NPR featured an article that exposes a supposed Israeli plan to attack Iran before the United States elections. What shocked me about Tom Gjelten’ s story was that the meat of it was anecdotal information feeds from think tanks and policy wonks, “friends in the Israeli government…” the typical false sourcing that has become truth. Perhaps this is giving them too much credit. But wars have been ginned up by think tanks and policy wonks before. Consider the Washington Institute for Near East Policy. Now Mearsheimer and Walt, authors of The Israel Lobby and US Foreign Policy describe WINEP this way: “Although WINEP plays down its links to Israel and claims that it provides a ‘balanced and realistic’ perspective on Middle East issues, this is not the case. In fact, WINEP is funded and run by individuals who are deeply committed to advancing Israel’s agenda … Many of its personnel are genuine scholars or experienced former officials, but they are hardly neutral observers on most Middle East issues and there is little diversity of views within WINEP’s ranks.”
I suppose one of the things I have notice over the past twenty years in the influence of think tanks, and the fact that most of them are little more than organizations funded for and by people with a very narrow agenda. They are never really about “studies”. They are about creating a sort of pitch theater for policy, many of these policy papers have laser focused agenda that typically dovetails nicely with a profit center. Let’s convince people that fossil fuels are not hurting the environment in return for funding from fossil fuel providers. This is called scholarly. Instead of just forwarding informed opinions, they are disguised as university like venues where information and insights are regarded objectively, methodically and with a sense of forthright responsibility.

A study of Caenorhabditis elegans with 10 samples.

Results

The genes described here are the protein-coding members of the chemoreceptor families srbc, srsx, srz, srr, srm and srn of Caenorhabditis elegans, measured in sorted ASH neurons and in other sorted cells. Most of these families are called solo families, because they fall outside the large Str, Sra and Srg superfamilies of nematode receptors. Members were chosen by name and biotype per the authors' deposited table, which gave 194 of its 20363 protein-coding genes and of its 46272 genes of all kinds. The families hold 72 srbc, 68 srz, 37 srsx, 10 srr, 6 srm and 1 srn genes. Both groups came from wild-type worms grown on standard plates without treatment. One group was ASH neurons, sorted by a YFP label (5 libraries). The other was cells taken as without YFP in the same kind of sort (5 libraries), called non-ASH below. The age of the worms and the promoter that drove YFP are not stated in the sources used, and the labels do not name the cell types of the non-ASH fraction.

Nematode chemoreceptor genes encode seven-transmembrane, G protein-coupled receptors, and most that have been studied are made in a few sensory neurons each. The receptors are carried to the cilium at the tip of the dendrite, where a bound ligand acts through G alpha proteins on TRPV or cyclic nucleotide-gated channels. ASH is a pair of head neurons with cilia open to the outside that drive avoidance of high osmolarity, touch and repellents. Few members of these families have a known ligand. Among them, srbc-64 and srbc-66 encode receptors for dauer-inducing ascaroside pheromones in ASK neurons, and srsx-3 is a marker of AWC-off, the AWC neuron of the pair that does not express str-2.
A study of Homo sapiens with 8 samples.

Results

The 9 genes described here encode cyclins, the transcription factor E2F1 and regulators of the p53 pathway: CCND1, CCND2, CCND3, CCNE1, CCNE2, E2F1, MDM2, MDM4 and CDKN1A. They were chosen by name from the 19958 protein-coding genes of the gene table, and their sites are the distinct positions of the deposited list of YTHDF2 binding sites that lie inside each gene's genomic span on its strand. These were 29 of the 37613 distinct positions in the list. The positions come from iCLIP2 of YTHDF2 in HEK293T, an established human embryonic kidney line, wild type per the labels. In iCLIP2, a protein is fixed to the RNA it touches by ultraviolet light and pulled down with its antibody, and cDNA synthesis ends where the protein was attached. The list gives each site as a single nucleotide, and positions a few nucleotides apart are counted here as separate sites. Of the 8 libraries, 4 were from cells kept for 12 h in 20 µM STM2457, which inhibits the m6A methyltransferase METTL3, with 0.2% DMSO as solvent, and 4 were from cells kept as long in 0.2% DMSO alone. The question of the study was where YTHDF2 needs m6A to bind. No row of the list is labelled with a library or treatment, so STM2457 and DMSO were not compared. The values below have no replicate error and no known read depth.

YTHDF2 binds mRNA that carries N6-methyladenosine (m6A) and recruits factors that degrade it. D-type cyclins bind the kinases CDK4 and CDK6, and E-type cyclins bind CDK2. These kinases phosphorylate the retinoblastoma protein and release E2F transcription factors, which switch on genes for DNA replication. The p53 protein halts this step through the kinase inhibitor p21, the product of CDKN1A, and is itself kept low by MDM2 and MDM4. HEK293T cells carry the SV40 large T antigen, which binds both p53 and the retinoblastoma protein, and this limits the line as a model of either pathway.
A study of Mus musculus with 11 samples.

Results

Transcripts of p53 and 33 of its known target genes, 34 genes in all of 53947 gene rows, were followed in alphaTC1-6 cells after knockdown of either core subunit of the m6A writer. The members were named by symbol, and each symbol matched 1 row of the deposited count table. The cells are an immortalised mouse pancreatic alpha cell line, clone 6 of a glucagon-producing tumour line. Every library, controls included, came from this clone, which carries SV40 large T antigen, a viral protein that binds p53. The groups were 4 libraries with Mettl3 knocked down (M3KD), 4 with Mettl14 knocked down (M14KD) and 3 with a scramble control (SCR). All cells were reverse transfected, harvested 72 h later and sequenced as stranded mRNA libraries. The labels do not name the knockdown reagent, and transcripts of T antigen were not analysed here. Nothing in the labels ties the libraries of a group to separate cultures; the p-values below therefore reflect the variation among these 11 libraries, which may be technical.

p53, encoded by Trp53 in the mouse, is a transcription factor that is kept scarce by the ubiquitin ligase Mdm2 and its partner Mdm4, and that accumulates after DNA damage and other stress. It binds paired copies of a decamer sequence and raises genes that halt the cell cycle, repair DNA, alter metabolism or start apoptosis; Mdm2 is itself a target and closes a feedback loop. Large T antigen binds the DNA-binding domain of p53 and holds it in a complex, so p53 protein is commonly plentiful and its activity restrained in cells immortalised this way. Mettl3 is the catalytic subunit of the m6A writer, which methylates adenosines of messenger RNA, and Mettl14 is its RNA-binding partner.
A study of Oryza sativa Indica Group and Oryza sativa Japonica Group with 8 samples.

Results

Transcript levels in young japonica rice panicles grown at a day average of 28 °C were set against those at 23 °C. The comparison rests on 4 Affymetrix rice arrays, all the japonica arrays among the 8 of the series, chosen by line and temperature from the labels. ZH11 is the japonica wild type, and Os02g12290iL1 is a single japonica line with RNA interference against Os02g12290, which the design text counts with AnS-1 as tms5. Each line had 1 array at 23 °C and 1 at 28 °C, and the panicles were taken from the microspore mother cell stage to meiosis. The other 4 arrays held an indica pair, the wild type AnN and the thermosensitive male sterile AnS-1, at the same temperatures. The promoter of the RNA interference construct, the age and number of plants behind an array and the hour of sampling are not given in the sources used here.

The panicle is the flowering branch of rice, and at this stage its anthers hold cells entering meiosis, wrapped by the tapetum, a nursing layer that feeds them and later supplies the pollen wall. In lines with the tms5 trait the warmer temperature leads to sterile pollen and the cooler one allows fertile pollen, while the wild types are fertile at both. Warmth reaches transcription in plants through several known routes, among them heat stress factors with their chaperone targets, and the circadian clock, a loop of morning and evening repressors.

Peter Pan is more factual.
Think tanks are often little more than puppet universities, echo chambers that look for better ways of marketing ideas, not vetting them. Facts are commodities to be manipulated and exploited to support a pre-existing point of view. Their methodology is a language like the Klingon language that few people understand but are nonetheless impressed upon hearing it spoken.
I hate to be so cynical. But for anyone to take this “discussion” seriously is missing the point. It pains me that the New York Times and the Washington Post frequently go to the think tank well for juicy quotes and analyses. I guess it’s because I don’t believe any of those analyses and I am a bit old fashioned about who becomes an expert and how. Watching Michael Hanlon sit in a Pave Hawk and emerge a military expert writing papers on US policy just gives me chills.